There are approximately 22,000 young Filipino immigrants who are eligible to apply for benefits under the Deferred Action for Childhood Arrivals. Only 27 percent of those eligible applied, or approximately 6,000. The rest of these young Filipino immigrants continue to wait for permanent solution to their status. With the announcement that President Donald Trump is ending the DACA program will those who took advantage of the DACA program be arrested and eventually be deported?
Unfortunately, those who are just in the process of filing their DACA applications for the first time, will no longer be able to do so. This will affect those who just became eligible to apply for DACA and those who took time or postponed the filing of their DACA applications despite the fact that they were eligible. After September 5, 2017, USCIS will no longer accept new DACA applications.
Future of DACA recipients
There is a short window afforded to existing DACA recipients to renew their expiring DACA employment authorization documents (EAD) if these EADs are expiring between September 5, 2017 and March 5, 2018. The request for renewal and application for employment authorization document must be received by U.S. Citizenship and Immigration Services no later than October 5, 2017. This is an important deadline because USCIS will reject all requests to renew ACA and associated applications for EADs filed after October 5, 2017.
Once the application for renewal is adjudicated, USCIS is expected to renew it for another two year period or until 2019. Unfortunately, for those whose DACA benefits are expiring after March 5, 2018, once their employment authorization document expires, USCIS will no longer be able to accept and adjudicate their applications for renewal. This means that beginning March 6, 2018, there will be DACA recipients who will be deprived of their protected status and will be reverted to their unlawful status.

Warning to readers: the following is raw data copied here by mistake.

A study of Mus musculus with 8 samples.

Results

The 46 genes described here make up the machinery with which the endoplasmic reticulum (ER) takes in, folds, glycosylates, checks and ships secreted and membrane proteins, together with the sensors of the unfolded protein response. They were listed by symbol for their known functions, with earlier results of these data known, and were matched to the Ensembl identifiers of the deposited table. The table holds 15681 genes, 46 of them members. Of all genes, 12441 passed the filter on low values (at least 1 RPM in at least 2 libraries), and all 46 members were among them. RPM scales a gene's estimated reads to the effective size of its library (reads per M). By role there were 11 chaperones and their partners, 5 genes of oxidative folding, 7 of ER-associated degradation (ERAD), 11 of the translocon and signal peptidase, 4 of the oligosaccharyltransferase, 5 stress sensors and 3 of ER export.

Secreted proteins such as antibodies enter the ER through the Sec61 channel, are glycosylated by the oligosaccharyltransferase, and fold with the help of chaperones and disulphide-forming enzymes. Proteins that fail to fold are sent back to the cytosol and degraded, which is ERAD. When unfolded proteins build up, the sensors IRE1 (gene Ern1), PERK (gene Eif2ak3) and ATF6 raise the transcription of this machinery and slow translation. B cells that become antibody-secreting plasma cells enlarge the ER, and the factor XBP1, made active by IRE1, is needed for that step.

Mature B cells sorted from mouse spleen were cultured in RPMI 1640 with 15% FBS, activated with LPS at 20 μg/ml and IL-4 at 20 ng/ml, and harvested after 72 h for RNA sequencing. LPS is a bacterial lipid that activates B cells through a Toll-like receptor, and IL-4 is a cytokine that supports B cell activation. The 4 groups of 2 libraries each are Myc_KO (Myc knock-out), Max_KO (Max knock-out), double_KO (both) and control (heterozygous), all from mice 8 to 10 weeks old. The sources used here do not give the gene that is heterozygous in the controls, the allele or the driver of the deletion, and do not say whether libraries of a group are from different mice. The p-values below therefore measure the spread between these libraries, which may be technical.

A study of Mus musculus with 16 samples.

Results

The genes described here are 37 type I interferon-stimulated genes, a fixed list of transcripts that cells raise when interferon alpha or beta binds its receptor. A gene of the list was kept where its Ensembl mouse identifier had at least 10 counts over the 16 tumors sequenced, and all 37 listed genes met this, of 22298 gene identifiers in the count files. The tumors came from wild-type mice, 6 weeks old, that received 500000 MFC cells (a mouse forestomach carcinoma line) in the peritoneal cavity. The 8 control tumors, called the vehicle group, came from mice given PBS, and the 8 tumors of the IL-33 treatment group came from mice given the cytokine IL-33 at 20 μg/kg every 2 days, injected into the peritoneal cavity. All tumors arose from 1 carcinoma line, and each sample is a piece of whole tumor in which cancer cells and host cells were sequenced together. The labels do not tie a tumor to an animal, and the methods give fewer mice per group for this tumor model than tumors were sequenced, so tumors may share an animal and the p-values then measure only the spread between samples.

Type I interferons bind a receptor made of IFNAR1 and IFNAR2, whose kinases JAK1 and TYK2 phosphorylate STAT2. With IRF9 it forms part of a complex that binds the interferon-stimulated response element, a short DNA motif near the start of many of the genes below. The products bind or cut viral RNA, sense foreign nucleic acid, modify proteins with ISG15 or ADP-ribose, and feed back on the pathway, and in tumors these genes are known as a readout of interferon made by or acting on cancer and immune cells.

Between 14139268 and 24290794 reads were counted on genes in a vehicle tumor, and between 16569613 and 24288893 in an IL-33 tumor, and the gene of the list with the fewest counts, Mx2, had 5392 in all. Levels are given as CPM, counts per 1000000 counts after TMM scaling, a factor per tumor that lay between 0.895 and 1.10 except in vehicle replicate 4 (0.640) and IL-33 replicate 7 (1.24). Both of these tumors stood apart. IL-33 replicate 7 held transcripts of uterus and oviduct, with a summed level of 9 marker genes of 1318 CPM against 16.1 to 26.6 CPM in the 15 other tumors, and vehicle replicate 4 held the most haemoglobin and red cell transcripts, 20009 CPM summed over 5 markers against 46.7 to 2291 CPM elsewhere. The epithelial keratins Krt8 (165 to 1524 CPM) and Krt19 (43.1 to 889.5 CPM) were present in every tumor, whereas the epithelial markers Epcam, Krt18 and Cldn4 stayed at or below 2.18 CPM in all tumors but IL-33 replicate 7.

Will DACA recipients be deported?
It was clearly mentioned during the announcement by Attorney General Jeff Sessions that the DACA recipients are not considered priority for enforcement. While this may sound favorable, there is no guarantee that ICE will not issue Notices to Appear for removal hearings. The USCIS confirmed that it will not share information obtained through DACA applications with the ICE agents. However, it is important to note that unless ICE is requesting that information based on certain factors like national security, public safety and fraud, the information may still be shared for enforcement. It will still be best for this DACA recipients to be vigilant about their situation and to be familiar with their rights especially their rights to a hearing and their right to counsel.
Terminating the DACA program within 6 months will afford the U.S. Congress time to enact a law benefitting the DACA recipients. At present there are two bills pending, the Dream Act (S.1615) before the Senate and the American Hope Act (H.R.3591) before the House of Representatives.
If these bills are passed into law, it will provide permanent solutions to protect DACA recipients and give them a pathway to lawful status. These young immigrants will have to take steps to ensure that they are safe from removal.
We also encourage compassionate members of our community, who believe that DACA recipients deserve a chance to build their lives in the country they call home, to work together towards the passage of the Dream Act by contacting their representatives in Congress.